Abbott today announced U.S. availability of its Amplatzer Steerable Delivery Sheath, which is used with the company's Amplatzer Amulet Left Atrial Appendage (LAA) Occluder to treat people with atrial fibrillation (AFib) who are at risk of ischemic stroke.
The LAA is a small pouch connected to the upper left chamber of the heart. The most common persistent arrhythmia, or irregular heartbeat, AFib disrupts the heart's ability to effectively pump blood. If this condition is left untreated, blood can pool and collect in the LAA and increase the likelihood of a clot forming and traveling to the brain to cause a stroke.
For patients with AFib who are unable to take blood-thinning medication long term, physicians may opt for a minimally invasive procedure using devices like Abbott's Amulet to seal off the LAA entirely and reduce the risk of stroke.
Vivek Y. Reddy, M.D., director of electrophysiology, Mount Sinai Hospital completed the first U.S. procedure with the delivery system. Dr. Reddy says the sheath provides physicians with more flexibility and precise placement when implanting the Amulet device, in simple and complex anatomies. He says is allows doctors to close left atrial appendages in challenging cases.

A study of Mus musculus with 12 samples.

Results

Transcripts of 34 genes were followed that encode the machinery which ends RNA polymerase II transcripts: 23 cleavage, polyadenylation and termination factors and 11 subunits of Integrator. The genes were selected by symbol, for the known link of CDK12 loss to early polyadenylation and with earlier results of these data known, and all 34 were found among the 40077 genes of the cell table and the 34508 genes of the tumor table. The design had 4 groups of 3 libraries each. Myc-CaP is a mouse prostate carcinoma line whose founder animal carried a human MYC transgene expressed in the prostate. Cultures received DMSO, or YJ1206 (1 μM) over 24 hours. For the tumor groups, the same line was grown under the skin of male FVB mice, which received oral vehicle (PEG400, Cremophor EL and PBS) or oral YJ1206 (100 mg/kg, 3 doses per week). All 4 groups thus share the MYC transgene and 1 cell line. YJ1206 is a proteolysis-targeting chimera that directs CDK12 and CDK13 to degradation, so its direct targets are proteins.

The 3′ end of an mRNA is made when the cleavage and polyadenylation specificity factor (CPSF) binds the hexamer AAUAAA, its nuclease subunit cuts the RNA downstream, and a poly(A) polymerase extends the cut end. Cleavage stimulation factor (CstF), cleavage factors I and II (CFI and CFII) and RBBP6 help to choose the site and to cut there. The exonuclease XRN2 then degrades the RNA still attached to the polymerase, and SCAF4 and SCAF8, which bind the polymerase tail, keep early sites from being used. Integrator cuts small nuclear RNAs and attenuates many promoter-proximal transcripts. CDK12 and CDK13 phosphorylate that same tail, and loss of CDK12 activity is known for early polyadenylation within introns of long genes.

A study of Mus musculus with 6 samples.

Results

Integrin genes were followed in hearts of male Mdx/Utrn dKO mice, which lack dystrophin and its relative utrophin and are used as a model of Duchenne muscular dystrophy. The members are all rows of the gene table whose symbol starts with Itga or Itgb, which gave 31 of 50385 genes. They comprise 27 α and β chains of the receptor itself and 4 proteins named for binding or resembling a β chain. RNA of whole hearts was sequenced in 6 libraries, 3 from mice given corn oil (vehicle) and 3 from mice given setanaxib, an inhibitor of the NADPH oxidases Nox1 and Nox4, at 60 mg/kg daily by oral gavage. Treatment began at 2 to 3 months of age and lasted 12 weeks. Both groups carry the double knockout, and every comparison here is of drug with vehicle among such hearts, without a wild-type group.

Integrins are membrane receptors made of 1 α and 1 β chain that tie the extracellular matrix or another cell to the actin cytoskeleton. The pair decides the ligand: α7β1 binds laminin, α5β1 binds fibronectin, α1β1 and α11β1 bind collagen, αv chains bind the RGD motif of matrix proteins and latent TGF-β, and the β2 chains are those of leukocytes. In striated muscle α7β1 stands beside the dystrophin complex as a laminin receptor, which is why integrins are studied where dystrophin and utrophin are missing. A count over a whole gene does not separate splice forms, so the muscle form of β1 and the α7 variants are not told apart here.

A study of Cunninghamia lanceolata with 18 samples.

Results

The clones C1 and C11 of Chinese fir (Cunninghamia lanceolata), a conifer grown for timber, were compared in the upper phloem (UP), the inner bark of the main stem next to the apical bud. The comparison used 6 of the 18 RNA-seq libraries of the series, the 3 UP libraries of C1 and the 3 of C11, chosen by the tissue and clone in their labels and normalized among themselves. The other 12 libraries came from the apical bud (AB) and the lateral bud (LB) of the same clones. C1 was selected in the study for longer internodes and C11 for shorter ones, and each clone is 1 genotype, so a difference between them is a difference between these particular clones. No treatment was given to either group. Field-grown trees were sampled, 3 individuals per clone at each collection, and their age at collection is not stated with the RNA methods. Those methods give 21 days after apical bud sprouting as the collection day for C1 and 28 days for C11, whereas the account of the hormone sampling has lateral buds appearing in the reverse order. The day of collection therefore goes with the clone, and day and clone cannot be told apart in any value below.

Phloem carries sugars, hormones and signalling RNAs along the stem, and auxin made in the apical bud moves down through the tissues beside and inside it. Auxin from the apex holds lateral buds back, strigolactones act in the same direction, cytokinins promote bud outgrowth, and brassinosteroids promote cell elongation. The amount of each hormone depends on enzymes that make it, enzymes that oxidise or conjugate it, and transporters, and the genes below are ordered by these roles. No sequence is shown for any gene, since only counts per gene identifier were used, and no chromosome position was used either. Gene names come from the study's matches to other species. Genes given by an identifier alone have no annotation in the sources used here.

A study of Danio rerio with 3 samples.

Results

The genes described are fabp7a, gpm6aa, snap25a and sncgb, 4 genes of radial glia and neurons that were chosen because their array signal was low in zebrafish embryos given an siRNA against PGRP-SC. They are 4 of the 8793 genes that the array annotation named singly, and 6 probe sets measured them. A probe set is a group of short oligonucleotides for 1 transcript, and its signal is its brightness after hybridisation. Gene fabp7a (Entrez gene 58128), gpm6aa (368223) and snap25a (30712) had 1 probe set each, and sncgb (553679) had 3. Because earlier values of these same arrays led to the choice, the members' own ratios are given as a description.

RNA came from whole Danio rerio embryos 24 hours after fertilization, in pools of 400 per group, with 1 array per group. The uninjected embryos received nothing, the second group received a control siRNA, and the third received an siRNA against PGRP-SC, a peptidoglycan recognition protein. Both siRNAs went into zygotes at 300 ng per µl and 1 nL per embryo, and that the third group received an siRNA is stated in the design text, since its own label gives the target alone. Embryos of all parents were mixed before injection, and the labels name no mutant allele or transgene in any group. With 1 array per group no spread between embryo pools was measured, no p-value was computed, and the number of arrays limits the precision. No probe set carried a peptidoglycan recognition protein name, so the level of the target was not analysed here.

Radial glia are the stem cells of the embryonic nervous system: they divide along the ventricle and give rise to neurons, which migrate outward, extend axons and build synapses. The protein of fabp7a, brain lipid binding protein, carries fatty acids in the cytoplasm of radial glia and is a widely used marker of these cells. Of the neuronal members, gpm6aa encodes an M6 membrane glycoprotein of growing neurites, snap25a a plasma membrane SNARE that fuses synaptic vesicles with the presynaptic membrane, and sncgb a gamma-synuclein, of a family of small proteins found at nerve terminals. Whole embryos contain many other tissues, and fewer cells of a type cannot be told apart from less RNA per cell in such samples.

Abbott's Amulet with dual-seal technology (consisting of a lobe or piece to fill the cavity of the LAA and a disc to close off the opening into the LAA) offers immediate and complete closure of the LAA. This reduces the risk of stroke and doesn't require blood-thinning medication following the procedure, which is significant since these medicines often carry bleeding risks.
To improve physician ease-of-use when implanting the Amulet device, the Amplatzer Steerable Delivery Sheath features bi-directional steering and an "auto-lock" function that provides confidence the sheath will remain in its desired position. The delivery system also includes a valve designed to stabilize blood flow and minimize blood loss during the procedure.